Cuba lauds mail talks with U.S., but wants changes

Story highlights

  • U.S. and Cuban officials held talks about mail delivery
  • Mail service has been suspended for 50 years
  • Cuba said talks were positive, but wants changes in U.S. policy
U.S. and Cuban officials met this week to discuss the future postal service between the two countries, which was suspended 50 years ago. But a change anytime soon is not likely.
The Cuban delegation, in a statement, called the talks satisfactory, but added that mail service could not resume as long the U.S. embargo on the communist country remains in its current state.
The Cubans made it clear that "it would not be possible to implement a stable, quality and safe postal service ... as long as the obstacles resulting from the blockade policy imposed by the United States Government against Cuba are not removed," the statement said.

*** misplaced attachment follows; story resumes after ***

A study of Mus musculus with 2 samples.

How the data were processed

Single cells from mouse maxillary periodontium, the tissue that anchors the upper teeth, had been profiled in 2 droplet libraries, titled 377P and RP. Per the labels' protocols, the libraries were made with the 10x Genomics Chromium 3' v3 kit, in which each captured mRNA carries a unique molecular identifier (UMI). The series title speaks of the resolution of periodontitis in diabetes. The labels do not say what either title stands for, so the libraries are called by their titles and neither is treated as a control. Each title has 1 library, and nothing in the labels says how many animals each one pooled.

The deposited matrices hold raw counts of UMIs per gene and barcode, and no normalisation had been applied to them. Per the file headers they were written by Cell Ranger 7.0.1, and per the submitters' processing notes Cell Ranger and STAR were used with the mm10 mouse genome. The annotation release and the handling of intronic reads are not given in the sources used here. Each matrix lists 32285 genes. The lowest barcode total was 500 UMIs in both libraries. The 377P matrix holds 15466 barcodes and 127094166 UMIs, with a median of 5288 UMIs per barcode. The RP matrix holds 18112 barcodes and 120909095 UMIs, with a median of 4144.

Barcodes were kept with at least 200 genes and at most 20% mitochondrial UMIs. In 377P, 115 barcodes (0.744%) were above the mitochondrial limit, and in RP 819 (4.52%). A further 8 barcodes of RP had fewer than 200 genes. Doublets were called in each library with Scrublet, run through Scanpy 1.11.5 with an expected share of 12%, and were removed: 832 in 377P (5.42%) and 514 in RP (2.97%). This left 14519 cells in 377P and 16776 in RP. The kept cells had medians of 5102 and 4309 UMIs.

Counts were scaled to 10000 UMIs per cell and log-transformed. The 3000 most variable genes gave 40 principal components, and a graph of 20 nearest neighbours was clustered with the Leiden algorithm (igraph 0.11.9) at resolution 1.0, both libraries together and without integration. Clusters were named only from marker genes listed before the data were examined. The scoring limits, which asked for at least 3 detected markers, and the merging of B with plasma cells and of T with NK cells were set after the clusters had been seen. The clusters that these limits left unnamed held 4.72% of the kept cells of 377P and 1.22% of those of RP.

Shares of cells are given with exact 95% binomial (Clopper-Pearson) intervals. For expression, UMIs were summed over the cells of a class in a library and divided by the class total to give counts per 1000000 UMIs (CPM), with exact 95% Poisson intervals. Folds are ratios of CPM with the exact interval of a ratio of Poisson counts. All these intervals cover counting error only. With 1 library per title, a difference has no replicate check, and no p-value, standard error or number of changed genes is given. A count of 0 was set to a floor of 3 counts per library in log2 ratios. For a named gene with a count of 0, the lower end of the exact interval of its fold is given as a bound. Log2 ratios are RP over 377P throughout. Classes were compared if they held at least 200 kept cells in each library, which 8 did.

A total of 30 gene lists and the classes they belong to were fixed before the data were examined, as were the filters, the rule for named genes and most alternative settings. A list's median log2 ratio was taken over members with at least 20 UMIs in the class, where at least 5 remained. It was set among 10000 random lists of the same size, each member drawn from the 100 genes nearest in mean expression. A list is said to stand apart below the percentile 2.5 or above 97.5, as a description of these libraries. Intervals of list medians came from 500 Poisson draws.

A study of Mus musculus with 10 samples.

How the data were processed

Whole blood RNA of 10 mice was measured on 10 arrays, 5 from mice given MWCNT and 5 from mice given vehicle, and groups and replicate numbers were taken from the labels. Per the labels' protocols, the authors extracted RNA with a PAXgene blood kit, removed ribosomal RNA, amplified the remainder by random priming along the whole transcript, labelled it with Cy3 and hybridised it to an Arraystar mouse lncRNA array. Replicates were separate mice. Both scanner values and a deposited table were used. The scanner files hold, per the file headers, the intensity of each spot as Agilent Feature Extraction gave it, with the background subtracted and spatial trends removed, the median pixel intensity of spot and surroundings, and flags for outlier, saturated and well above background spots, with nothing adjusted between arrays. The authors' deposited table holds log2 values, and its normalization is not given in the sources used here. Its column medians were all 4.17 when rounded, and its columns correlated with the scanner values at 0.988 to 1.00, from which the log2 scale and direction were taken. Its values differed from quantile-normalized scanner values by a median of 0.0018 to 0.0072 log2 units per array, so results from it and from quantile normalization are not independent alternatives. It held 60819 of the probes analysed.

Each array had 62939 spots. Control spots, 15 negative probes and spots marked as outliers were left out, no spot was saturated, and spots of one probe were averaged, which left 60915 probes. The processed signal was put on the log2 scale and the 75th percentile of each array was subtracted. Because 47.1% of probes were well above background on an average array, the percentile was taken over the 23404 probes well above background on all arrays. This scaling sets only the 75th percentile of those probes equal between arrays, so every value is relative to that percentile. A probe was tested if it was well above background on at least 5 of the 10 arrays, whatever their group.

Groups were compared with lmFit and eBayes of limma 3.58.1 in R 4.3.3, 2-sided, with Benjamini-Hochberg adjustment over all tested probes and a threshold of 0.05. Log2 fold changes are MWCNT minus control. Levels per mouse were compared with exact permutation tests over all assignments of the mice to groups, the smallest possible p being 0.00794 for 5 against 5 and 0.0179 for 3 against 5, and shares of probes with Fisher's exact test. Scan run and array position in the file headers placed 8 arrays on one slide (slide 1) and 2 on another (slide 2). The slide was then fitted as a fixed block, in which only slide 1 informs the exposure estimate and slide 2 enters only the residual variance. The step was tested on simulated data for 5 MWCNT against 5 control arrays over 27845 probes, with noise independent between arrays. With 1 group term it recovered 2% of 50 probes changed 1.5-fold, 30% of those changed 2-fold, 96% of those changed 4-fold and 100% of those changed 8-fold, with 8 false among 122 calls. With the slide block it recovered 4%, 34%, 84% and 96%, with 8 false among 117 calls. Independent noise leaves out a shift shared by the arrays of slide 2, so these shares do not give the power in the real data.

But before the meeting, U.S. officials had made it clear that a change in policy is not on the horizon.
"The reason we're doing this is because it's, of course, good for the Cuban people," she said. "This is something we feel is good for us, but it's not meant to be a signal of anything or indicate a change in policy," said State Department spokeswoman Jen Psaki.
Nonetheless, the Cubans considered the talks "fruitful" and said follow-up talks will come in the coming months.
The talks come as Washington and Havana have been at odds over the fate of U.S contractor Alan Gross, who was arrested in 2009 and is serving a 15-year prison sentence for bringing Internet access equipment to Cuban Jews. The Cuban government considers that action subversive.